Shortly after the end of World War II, British Colonel Michael S. "Hooky" Nicobar (Walter Pidgeon) is assigned to a unit in the British Zone of Vienna. His duty is to aid the Soviet ... See full summary »
French country girl Madelon falls for artist Larry, who leaves her after she becomes pregnant. She finds help from jewel thief Carlo, but he commits suicide when the police try to arrest him. Madelon is arrested and receives a ten year term in prison for assisting him in his profession. To support her son, who does not know that she's been in prison, she becomes a street walker, allowing him to attend medical school.Written by
Stephan Eichenberg <email@example.com>
After the film flopped badly on its first preview, Irving Thalberg ordered it back into production and had about one-third of the film re-shot. Since Helen Hayes was already making her second film, Arrowsmith (1931), she was called back to work on the "Claudet" retakes during her only times off from shooting "Arrowsmith," Saturday afternoons and Sundays. When Samuel Goldwyn, the producer of "Arrowsmith," heard that Hayes was working seven days a week and making two films simultaneously, he insisted that Hayes stop doing "Claudet" retakes until "Arrowsmith" was finished. See more »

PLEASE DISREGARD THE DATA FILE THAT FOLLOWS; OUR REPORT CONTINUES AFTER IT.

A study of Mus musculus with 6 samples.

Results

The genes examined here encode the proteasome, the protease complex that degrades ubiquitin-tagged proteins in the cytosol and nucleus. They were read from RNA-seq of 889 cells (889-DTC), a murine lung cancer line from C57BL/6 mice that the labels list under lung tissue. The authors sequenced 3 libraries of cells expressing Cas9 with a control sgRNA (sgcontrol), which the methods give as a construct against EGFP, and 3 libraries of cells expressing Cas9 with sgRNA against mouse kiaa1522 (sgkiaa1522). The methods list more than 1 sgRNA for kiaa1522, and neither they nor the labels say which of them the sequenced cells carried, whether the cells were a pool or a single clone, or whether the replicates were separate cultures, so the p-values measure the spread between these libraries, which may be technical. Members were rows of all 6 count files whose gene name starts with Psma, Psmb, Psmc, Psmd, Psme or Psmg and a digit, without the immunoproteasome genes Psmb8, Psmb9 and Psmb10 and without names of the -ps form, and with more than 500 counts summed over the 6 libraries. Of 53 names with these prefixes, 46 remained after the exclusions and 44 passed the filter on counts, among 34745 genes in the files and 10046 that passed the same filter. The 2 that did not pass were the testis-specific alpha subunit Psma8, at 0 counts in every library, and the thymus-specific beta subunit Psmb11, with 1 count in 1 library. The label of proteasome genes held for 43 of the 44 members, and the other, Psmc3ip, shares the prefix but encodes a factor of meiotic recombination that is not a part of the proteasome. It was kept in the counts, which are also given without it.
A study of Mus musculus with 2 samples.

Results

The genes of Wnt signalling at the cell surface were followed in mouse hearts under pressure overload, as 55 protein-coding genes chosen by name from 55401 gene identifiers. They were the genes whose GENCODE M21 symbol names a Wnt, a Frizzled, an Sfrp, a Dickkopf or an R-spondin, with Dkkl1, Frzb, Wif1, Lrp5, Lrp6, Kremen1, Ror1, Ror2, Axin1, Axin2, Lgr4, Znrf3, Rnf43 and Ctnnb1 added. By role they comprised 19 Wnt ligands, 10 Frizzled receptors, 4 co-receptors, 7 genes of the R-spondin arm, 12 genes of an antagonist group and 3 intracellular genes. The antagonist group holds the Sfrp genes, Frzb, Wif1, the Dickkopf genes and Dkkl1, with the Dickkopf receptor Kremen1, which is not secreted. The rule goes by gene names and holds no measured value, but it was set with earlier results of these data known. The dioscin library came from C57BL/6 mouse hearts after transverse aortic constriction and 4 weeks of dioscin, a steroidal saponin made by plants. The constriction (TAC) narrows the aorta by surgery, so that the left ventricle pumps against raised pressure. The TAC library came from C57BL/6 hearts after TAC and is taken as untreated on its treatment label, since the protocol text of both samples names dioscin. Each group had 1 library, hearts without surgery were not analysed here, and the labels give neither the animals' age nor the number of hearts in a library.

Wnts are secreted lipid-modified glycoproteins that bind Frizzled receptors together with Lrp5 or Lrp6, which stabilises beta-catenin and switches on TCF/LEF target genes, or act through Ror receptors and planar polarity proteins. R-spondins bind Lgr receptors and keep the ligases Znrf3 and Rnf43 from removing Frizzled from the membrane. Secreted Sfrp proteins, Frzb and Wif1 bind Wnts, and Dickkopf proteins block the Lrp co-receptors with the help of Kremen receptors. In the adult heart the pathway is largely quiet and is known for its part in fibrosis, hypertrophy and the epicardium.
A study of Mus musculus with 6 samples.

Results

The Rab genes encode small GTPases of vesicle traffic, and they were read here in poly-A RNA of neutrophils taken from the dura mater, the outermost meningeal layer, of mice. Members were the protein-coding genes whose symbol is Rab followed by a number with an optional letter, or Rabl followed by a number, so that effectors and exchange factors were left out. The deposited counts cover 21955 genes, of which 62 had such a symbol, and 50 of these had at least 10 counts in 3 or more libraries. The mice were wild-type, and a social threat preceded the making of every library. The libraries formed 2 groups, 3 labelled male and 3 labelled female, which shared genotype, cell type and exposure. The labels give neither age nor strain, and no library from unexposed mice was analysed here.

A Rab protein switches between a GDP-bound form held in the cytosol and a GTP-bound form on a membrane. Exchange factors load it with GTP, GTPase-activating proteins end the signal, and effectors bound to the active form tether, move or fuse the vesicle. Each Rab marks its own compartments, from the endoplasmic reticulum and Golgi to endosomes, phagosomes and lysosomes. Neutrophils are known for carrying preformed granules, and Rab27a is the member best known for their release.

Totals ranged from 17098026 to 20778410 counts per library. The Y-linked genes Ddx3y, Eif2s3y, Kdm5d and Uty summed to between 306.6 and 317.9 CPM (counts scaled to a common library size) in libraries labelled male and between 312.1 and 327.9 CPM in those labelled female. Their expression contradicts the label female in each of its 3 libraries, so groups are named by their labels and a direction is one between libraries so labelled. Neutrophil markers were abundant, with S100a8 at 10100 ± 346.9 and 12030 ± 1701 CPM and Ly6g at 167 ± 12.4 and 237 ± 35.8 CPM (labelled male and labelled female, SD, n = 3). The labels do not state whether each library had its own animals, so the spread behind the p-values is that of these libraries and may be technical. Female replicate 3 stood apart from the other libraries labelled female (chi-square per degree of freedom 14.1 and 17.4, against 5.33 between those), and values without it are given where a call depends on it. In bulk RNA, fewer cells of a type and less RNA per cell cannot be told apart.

When Madelon visits Dr. Larry Claudet at his home office; he checks her heart and lungs by placing his ear to her chest and back. But a doctor needs a stethoscope to hear the heart and lungs directly, therefore, examining her in this manner is wrong especially since the stethoscope had already been invented for over a hundred years by this time period in the film. See more »
Sit here my dear. Oh wait, I want to get this cushion... it brings out all the blue that's sleeping in your eyes.
It's as bad as it sounds and very old and out-dated. Plays like a (bad) play but Helen Hayes single-handedly saves it. She overdoes it occasionally (but then she WAS a stage actress) but she's basically just excellent. She won a well-deserved Oscar for this. And seeing Robert Young so...young (sorry) is fun. I just didn't buy the story for one second--it was just too silly (and old-fashioned) to be taken seriously. But it moves VERY quickly and is worth seeing for Hayes alone. I'm giving it a 7.